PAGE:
In Hinduism, the lunar month is divided into two halves known as Krishna Paksha and Shukla Paksha. These two halves are an integral part of the Hindu lunar calendar and hold significant religious and cultural importance. Let’s explore Krishna Paksha and Shukla Paksha in detail:
Krishna Paksha, also known as the dark fortnight or waning phase of the moon, is the period when the moon’s illumination decreases from a full moon to a new moon. It spans approximately 15 days, starting from the day after the full moon (Purnima) and ending on the day of the new moon (Amavasya).
The term “Krishna” refers to “dark” or “black” in Sanskrit, indicating the diminishing illumination of the moon during this phase. Krishna Paksha holds great significance in Hindu mythology and rituals. It is associated with Lord Krishna, who was born during this phase of the moon.
During Krishna Paksha, several important festivals and observances are celebrated, including:
Shradh Paksha: As mentioned earlier, Shradh Paksha or Pitru Paksha is a period dedicated to honoring ancestors and performing rituals for their peace and liberation. It falls in the Krishna Paksha of the lunar month of Bhadrapada.
Mahalaya Amavasya: In the month of Ashwin, the period of Krishna Paksha begins with Mahalaya Amavasya. It is considered an auspicious day to offer prayers and tarpan (ritual offerings) to one’s ancestors.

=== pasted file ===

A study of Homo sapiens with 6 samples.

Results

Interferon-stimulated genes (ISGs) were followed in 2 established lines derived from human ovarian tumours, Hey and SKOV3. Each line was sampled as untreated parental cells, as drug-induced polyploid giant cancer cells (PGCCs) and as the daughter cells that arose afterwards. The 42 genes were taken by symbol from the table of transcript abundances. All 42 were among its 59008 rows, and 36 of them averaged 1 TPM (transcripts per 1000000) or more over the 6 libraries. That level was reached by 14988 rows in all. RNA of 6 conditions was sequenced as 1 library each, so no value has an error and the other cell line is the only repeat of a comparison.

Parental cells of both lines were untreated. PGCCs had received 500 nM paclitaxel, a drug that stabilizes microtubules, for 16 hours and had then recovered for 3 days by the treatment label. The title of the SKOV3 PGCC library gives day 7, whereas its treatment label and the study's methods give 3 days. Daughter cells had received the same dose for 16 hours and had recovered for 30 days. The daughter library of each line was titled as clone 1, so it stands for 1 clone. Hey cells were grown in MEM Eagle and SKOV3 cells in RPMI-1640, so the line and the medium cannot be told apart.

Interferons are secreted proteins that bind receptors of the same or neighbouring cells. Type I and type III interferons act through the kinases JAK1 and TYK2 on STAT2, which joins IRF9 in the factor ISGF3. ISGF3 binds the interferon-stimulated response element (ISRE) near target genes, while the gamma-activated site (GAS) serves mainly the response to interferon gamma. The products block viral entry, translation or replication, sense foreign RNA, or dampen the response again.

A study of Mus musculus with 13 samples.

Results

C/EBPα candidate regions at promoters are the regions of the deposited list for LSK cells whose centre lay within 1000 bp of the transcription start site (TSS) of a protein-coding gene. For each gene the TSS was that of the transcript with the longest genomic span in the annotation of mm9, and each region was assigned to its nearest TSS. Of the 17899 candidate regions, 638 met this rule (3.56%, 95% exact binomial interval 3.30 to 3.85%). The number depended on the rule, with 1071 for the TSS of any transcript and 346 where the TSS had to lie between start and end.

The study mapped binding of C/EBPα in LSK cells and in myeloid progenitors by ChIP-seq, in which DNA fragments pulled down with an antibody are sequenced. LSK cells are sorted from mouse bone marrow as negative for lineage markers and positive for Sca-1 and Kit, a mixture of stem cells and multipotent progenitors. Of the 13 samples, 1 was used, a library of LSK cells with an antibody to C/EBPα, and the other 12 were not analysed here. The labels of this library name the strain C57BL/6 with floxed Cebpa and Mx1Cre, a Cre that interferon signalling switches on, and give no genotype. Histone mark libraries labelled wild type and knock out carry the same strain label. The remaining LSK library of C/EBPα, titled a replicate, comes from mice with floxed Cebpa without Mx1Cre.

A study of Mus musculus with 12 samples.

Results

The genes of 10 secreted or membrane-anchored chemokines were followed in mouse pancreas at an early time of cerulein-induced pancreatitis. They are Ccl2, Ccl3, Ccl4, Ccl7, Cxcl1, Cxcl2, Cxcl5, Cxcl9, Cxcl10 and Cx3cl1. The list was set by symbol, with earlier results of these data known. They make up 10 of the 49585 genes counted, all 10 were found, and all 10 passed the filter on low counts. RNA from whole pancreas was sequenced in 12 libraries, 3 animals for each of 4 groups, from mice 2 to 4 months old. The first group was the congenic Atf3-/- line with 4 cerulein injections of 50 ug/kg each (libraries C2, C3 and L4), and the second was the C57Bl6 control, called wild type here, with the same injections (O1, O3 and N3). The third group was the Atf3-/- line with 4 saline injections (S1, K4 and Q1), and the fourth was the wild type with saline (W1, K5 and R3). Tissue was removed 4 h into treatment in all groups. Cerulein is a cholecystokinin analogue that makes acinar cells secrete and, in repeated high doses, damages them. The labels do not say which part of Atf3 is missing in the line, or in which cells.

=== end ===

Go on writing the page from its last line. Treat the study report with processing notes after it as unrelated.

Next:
Deepavali or Diwali: The festival of lights, Diwali, also falls during Krishna Paksha.
Ekadashi Vrat: There are two Ekadashi (the eleventh day of the lunar cycle) in every month, one falling in Krishna Paksha and the other in Shukla Paksha. Observing Ekadashi vrat is believed to purify the mind and body and bring spiritual benefits.
Pradosh Vrat: Pradosh Vrat is observed on the thirteenth day of both Krishna Paksha and Shukla Paksha. It is dedicated to Lord Shiva and is considered highly auspicious for seeking His blessings.
During Krishna Paksha, spiritual practices such as fasting, prayers, and rituals are performed with the aim of inner purification, seeking blessings, and honoring divine energies.
Shukla Paksha, also known as the bright fortnight or waxing phase of the moon, is the period when the moon’s illumination increases from a new moon to a full moon. It spans approximately 15 days, starting from the day after the new moon (Amavasya) and ending on the day of the full moon (Purnima).
The term “Shukla” refers to “bright” or “white” in Sanskrit, signifying the increasing illumination of the moon during this phase. Shukla Paksha is considered highly auspicious and is associated with new beginnings, growth, and spiritual progress.